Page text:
And, of course, there's that familiar American concern: Can you really trust the people at the top to make the right decisions? Another study found that 72 percent of Americans thought "wealthy and influential persons" would receive a vaccine first if shortages existed.
All of this would be happening during a time of great confusion. Nearly a century after the Spanish flu killed approximately 50 million people around the world, scientists are still trying to answer some fundamental questions about the 1918-20 pandemic. Researchers are re-examining records of 24,000 mortalities in the United Kingdom to try and answer a basic question.
Young children and older adults are normally the most vulnerable to an influenza pandemic. But the records show that healthy young adults were most likely to die during three waves of the epidemic.
"We don't really understand why children and older adults were at lesser risk," said John Mathews of the University of Melbourne, who is leading the research. Theories abound, but no one is sure, all these years later.
The effort to respond to a pandemic will place some people at greater risk, simply because they will have to be around other people, and that's part of the price they will pay to be on the survivors list.
But some, no doubt, will refuse to show up for work.
Another study out of Johns Hopkins found that nearly half of the public health employees in Maryland said they would stay away from work rather than risk exposing their families to the virus. Physicians and nurses were more likely to show up than support personnel. Clerical and some technical personnel were less likely to work, chiefly because of their perception of the value of their own roles.
Two-thirds of the public health workers in that study said their role is not important in combating a pandemic, and thus, they were less likely to show up.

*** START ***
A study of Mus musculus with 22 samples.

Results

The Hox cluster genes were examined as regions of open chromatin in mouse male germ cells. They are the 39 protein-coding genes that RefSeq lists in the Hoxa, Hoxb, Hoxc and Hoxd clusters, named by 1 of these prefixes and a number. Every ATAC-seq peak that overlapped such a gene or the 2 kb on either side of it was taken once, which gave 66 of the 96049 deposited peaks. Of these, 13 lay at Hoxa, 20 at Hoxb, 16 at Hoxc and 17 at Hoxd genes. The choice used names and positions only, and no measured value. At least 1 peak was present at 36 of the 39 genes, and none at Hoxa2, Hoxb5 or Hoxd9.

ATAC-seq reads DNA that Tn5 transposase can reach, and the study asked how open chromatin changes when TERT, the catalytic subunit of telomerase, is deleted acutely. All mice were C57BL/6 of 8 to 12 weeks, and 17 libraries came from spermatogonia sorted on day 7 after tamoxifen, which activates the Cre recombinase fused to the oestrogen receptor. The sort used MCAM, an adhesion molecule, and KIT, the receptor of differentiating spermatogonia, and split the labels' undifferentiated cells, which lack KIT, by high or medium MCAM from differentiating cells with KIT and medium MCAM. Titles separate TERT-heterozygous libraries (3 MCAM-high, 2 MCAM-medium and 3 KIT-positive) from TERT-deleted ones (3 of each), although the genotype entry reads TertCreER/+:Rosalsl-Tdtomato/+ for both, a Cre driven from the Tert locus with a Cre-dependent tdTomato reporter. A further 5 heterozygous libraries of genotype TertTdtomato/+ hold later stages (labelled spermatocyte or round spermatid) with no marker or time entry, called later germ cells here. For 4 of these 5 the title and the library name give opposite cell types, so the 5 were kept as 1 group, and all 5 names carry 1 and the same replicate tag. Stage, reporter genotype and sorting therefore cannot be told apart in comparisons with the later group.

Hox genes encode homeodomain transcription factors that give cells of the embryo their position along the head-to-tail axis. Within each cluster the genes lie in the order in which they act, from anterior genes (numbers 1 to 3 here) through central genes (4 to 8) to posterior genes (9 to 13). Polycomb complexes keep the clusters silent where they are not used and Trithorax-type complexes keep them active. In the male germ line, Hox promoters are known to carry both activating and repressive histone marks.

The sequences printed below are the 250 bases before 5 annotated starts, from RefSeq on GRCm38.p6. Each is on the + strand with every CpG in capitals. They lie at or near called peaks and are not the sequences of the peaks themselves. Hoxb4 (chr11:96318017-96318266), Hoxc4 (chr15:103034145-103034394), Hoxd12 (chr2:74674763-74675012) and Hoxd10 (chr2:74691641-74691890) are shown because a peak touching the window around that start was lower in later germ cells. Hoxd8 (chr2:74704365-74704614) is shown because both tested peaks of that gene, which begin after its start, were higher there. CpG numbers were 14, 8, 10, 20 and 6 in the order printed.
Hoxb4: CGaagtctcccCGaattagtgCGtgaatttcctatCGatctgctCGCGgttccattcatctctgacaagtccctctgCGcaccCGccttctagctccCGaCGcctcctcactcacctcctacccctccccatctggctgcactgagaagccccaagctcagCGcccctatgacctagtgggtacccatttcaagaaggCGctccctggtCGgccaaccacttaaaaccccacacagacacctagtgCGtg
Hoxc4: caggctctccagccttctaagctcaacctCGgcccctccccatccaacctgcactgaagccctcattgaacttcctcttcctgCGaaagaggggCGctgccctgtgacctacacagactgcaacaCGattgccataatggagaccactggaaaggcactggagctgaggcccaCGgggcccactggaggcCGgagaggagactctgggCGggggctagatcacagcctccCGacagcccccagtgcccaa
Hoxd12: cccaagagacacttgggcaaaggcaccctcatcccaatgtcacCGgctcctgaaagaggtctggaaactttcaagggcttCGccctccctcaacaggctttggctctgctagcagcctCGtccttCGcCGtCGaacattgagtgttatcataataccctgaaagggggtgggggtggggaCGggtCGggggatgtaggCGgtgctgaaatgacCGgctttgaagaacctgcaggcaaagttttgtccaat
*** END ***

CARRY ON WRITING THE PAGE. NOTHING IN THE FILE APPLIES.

The new study emphasizes that if essential workers fail to come through, the entire structure of any society will begin to unravel. And thus, the aftermath of the epidemic could claim more lives than the virus.
And you wonder how many people underestimate the potency of an influenza pandemic. We all have to struggle with the flu from time to time, so how can it be all that threatening? But in the United States, an average of 36,000 people die each year from influenza, and 200,000 are hospitalized. And contrary to what happened in the United Kingdom nearly a century ago, elders and young children are the most common victims.
Those are large numbers, but they shrink compared to projections for a global pandemic. The Harvard University study extrapolated the number of deaths during the 1918-20 pandemic to the worldwide population in 2004. It estimates that 62 million persons would die each year from the pandemic. About 96 percent would be in developing countries.
Of course, we've learned a lot since 1920, right? True enough, but analyzing a specific virus and finding a treatment can still take time, and by its very nature, time is on the side of the virus. It's not something anyone really wants to think about. But it's coming, anyway.